As the Daily News reported, Ben proposed legislation that would facilitate a worker-led recovery by raising wages for 200,000 human service employees who work at non-profits that are contracted to the city.
New York City provides services to millions of youths, seniors, homeless, and veterans in poverty through human service nonprofits whose government contracts ironically pay workers poverty wages. Per my legislation, the Comptroller would work with the human services sector to determine the average wage or adopt a collectively bargained wage for new contracts. Once prevailing wage rates are adopted, the city would be required to fully fund wage increases as part of new contracts, modifications, or renewals increasing overall funds to non-profits providing vital human services.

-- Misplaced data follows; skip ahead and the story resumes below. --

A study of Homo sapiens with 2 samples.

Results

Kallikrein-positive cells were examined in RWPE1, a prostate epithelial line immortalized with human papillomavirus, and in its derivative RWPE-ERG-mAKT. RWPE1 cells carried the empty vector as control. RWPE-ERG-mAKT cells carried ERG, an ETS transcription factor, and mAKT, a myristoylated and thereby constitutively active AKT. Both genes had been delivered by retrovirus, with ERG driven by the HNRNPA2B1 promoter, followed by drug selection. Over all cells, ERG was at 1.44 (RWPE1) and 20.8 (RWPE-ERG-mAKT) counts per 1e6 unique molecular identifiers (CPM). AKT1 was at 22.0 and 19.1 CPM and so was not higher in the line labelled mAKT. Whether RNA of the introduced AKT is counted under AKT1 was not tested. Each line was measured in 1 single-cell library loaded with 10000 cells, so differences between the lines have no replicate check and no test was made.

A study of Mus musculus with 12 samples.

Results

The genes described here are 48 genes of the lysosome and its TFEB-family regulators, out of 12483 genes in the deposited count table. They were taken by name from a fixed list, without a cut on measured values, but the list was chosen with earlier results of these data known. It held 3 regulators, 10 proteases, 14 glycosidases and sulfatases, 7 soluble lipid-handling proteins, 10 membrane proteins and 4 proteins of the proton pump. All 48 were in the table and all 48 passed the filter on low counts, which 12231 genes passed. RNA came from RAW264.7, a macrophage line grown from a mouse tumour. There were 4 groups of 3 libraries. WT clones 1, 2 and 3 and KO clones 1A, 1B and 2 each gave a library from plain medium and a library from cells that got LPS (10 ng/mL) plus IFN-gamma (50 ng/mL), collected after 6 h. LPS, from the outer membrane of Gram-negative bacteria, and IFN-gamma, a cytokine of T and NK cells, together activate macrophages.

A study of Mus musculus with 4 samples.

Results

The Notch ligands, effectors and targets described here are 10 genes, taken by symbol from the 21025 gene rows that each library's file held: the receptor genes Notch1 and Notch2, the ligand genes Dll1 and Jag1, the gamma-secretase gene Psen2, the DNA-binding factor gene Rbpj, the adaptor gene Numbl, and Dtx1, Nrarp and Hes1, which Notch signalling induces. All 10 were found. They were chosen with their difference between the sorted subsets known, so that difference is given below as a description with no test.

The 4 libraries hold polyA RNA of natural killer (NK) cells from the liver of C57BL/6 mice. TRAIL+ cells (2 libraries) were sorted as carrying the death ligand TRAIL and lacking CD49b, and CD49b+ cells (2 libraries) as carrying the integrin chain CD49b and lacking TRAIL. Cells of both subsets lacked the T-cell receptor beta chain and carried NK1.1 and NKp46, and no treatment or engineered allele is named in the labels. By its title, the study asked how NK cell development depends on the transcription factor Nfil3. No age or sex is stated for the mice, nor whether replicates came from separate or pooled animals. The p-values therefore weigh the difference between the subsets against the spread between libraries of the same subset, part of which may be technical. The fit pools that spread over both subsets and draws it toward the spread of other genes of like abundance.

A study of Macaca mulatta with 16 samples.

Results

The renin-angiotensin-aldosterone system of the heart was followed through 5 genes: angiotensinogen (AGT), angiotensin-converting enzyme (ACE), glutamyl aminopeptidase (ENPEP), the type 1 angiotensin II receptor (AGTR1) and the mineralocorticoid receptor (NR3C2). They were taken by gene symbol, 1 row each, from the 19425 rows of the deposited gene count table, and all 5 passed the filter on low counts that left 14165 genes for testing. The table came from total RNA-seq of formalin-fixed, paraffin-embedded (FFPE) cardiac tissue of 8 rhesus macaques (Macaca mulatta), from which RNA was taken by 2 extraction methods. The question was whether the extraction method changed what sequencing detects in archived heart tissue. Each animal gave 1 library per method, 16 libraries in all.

“We need to actually invest in paying our Black and Brown human service workers and women of color a prevailing wage so that they can afford to live in the city,” said Ben to the Daily News.
Currently, we are operating in a system where social workers, case managers and other human service professionals, sometimes even with advanced degrees, earn significantly less than building services workers or security guards at the same organization. Pay is so low that 60% of those working in the human services sector were utilizing or had a family member utilizing some form of public assistance benefit, such as Medicaid or food stamps. This is because some of the job titles that have benefited most from prevailing wage laws served predominantly blue-collar workers who are mostly male, exacerbating the gender pay gap.
As Borough President Ben will make sure the City finally pays these service providers and their workers the wages they deserve.